Dear Kid Whisperer,
I asked you a question a few weeks ago about my third graders coming back from recess most days angry at each other. I told you about how their tattling about what happened at recess was wreaking havoc in the classroom after recess. You answered it, and that answer was very helpful. But now more students are coming to me every day with stories of chaos at recess, even kids getting in fights with no consequences, and sometimes adults not being aware of it. There are not enough adults out there, and the ones who are are not holding students accountable. I’m at a loss. -Mark, Lansing, Michigan
As a behavioral consultant, schools across the country hire me to come to their schools and create plans and do trainings to teach school staff members how to create positive common area environments where every student feels safe. All students are monitored by staff members who have been trained to be calm, kind, and to hold students accountable without getting angry or showing frustration.
It is in this context that I can tell you that there are thousands of teachers across the country and the world reading your question and thinking to themselves, “Yep, that happens all the time. The chaos at recess that happens when kids are not properly supervised turns into chaos in the classroom.”
The solution is for your students to be properly monitored with enough trained adults necessary to create a functional situation. Principals are often at a loss because they can’t be on the playground and because they often don’t know how to properly train recess staff. This isn’t really their fault.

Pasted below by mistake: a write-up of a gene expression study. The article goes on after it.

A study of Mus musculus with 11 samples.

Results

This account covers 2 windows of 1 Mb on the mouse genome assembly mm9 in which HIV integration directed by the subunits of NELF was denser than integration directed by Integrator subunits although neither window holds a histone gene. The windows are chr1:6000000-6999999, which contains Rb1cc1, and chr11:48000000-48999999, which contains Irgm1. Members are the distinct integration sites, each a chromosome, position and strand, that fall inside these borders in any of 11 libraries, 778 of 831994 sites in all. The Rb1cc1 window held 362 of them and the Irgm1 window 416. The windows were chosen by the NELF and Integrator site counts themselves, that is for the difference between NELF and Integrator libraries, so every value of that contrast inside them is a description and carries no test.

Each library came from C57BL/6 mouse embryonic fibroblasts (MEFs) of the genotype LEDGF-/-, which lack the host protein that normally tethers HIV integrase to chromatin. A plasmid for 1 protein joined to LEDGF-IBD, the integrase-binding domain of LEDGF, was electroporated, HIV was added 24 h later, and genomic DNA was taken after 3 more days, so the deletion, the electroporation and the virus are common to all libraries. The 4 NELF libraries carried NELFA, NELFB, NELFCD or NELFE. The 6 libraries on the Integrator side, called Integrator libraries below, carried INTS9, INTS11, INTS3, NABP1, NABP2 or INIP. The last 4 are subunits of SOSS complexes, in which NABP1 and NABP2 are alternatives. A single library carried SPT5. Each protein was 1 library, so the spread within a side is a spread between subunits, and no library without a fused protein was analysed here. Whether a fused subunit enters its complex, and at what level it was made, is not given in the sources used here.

Short of your principal hiring me to actually fix this problem so that recess staff is 100% able to prevent or effectively react to 100% of recess situations without having to use anger, frustration, or classroom teachers, this is how I would set a limit with your principal if I were you:
Kid Whisperer: Hi, Principal. I know that this is a tough situation, but I wanted you to know that every day, I lose at least 15 minutes of instruction right after recess because I’m always having to deal with the fallout of arguments and fights that may or may not have happened on the playground. I’m not out there, so I don’t really know what’s going on.
Principal: I have heard tell of this from other teachers. What do you want me to do?
Kid Whisperer: I am not going to tell you what to do, but I have to tell you what I am willing to do and what I’m not willing to do. I will take care of 100% of the discipline problems with my students when they’re with me, and 0% of the discipline problems when they are not with me. I will never ask for your help with discipline when I’m with my students, and I just ask that you never ask me for help when my students are not with me. It just makes it impossible for me to teach when I have a bomb dropped on my classroom every day after recess. I do difficult things every day. I just can’t do impossible things.
Principal: How am I supposed to hold kids accountable at recess?
Kid Whisperer: That’s up to you, and I have a guy you can call, but I’m only willing to deal with 100% of the discipline issues in my room.
Notice how I never told Principal what to do, and I only told him what I am willing to do? Though your boss may reject anything you propose, the chances of Principal accepting a limit go up when we don’t attempt to boss Principal around.